While the receiver may legally be the "firearm" part of the gun, it is arguably the bolt that does all of the actual "work" in the device.
It is the bolt that strips a new round from the magazine, seats it in the firing chamber, seals the firing chamber (inasmuch as .22 rifles do so), strikes the rim of the cartridge with its firing pin, extracts the spent cartridge, and then does it all over again. Unsurprisingly, you can spend as much – or as little – as you like on this particular part.
To begin with, you can go with the standard Ruger bolt which comes in every 10/22 you find on the rack in a gun store these days, and while that is the choice I personally decided on, it is a little… scary. Apparently these new bolts are cast instead of machined, and there are visible marks and arguable defects on pretty much every surface. The bolt seems smooth and time will tell whether or not it does what it needs to, but it definitely looks the part of "cheapest of the lot". Additionally, as you can see in the pictures at the Brownells listing, there is a strange square protrusion sticking up on the top of the bolt at the back by the ramp; I actually had to grind that entire protrusion off the bolt* and make the entire top surface level in order to get it to cycle in my receiver. Is that the fault of the bolt or the fault of the Tactical Machining receiver? Well, while the bolt was quite snug, it would barely cycle in Better Half’s Magnum Research receiver, so it is hard to say. In either case, I hope non-Ruger bolts would not have the same problem.
Speaking of aftermarket bolts, it just becomes a matter of how much you want to spend versus what kind of features or materials you want. Arguably one of the companies that sets the standard for 10/22s, Kidd offers a bolt machined out of tool steel, hardened, and polished to ensure perfect looks, function, and durability. On the flip side, certain receivers (specifically, the one I bought) do have to be slightly fitted to be able to accept the bolt. Another industry leader, Volquartsen builds their own entirely-custom bolt with attached operating handle and specialized firing pin, though not many parts off it will be compatible with anything else you have (I assume). Cost is the primary reason I went with the standard Ruger bolt, though; it runs about $30, aftermarkets start at $100 and go up fast.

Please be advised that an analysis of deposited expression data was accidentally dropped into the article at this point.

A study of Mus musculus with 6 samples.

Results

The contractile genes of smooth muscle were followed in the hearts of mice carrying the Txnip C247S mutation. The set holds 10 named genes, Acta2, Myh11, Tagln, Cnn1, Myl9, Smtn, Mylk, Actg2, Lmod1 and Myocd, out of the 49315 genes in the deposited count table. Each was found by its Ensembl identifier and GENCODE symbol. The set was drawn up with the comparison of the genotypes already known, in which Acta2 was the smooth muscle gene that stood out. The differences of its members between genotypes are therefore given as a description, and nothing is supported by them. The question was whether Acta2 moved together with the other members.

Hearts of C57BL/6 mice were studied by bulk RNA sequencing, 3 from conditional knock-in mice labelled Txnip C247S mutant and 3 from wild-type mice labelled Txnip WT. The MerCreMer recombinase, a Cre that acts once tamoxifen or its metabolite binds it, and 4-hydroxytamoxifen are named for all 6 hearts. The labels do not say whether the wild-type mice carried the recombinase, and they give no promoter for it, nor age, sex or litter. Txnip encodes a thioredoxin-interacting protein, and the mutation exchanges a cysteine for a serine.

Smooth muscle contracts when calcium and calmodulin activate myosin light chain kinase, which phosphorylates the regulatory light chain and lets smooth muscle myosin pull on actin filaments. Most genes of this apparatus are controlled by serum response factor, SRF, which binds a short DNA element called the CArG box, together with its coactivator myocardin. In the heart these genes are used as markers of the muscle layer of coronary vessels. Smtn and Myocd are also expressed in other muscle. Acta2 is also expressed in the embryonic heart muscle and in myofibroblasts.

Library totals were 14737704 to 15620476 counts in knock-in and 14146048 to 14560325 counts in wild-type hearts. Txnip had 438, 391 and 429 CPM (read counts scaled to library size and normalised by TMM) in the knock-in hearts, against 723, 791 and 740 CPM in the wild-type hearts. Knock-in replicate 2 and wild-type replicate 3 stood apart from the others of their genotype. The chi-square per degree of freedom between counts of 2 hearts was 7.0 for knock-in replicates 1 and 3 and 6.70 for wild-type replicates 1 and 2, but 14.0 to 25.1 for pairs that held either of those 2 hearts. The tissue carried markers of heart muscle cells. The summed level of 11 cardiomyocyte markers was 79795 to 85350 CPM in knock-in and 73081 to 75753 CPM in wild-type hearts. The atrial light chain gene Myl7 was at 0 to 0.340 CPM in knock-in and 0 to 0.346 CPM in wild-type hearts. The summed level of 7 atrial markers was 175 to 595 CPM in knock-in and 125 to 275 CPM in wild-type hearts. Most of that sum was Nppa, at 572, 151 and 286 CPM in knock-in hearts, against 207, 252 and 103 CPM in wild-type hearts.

Additionally, there is no shortage of folks who offer to do all manner of things to your bolts or bolts you buy through them; it all depends on what you want or what you think works, because I honestly have no idea what, if any of it, makes a difference. Lord knows I would love to try to polish the bolt (and I ended up polishing a lot more than I thought I would in order to get rid of that peculiar hump), if only for aesthetic reasons, but something tells me the best way to do that is to put a few thousand rounds through it.
One thing I do know that makes a difference, however, is the bits on the bolt itself. If you, like me, go the bargain basement route on your bolt, I would strongly recommend replacing the extractor with something that will actually continue to work properly for many, many rounds in the future. The stock Ruger extractor seems to have a marked tendency of losing its tip over time, which can result in Failures To Eject the casing from the breech, Failures to Extract the casing from the chamber, and a host of other problems. Go ahead and spend the money to save yourself the aggravation in the future (especially if you are attending an Appleseed shoot as well, where FTEs of either sort can kill your qualifying shoot).
Likewise, some folks recommend upgrading the firing pin while you are at it. I chose not to go this route, simply because I have heard of significantly fewer problems with firing pins than I have with extractors, but it is something else on the table for your customization dreams.
Finally, there comes the small matter of actually operating the bolt in question – after all, it is not going to chamber the first round out of a magazine by itself. This choice is actually a bit more important than it superficially might look, simply because the operating handle assembly also includes the bolt spring and spring guide responsible for returning the bolt to battery after every shot. Your choices include decisions about handle shape and material, spring characteristics, whether or not it is a captive spring and, if not, what kind of method is used to hold the spring in place (crimping, c-clips, etc.), and so forth, and, really, all of that comes down to personal preference.
I ended up going with one that included a Wolff Extra Power Spring just because I know that brand works well in almost everything else it is put into, but, in retrospect, I probably would have preferred a captive spring of some type. The guide rod for the non-captive spring is predictably shorter than it would be if it had to catch the handle and spring, which makes removing the whole assembly easier in one regard, but then you have to be careful to catch the spring before it launches various bits everywhere, which makes removing it more complicated.
It is kind of impressive how many options there are for such a small piece, but, like I said, it does tend to do most of the work in the gun. Next up is the tube that gave rifles their name.
(* – Yes, I used a Dremel, or at least a Black and Decker knock-off of one. Yes, I know you should not use Dremels on firearms, but, damnit, it worked, and I really did not want to get a gunsmith involved on the build. Realistically, I should have used a bench grinder to keep everything straight and level, but that is yet another garage tool I lack.)
(Images of bolt, extractor, and operating handle borrowed from Brownells.)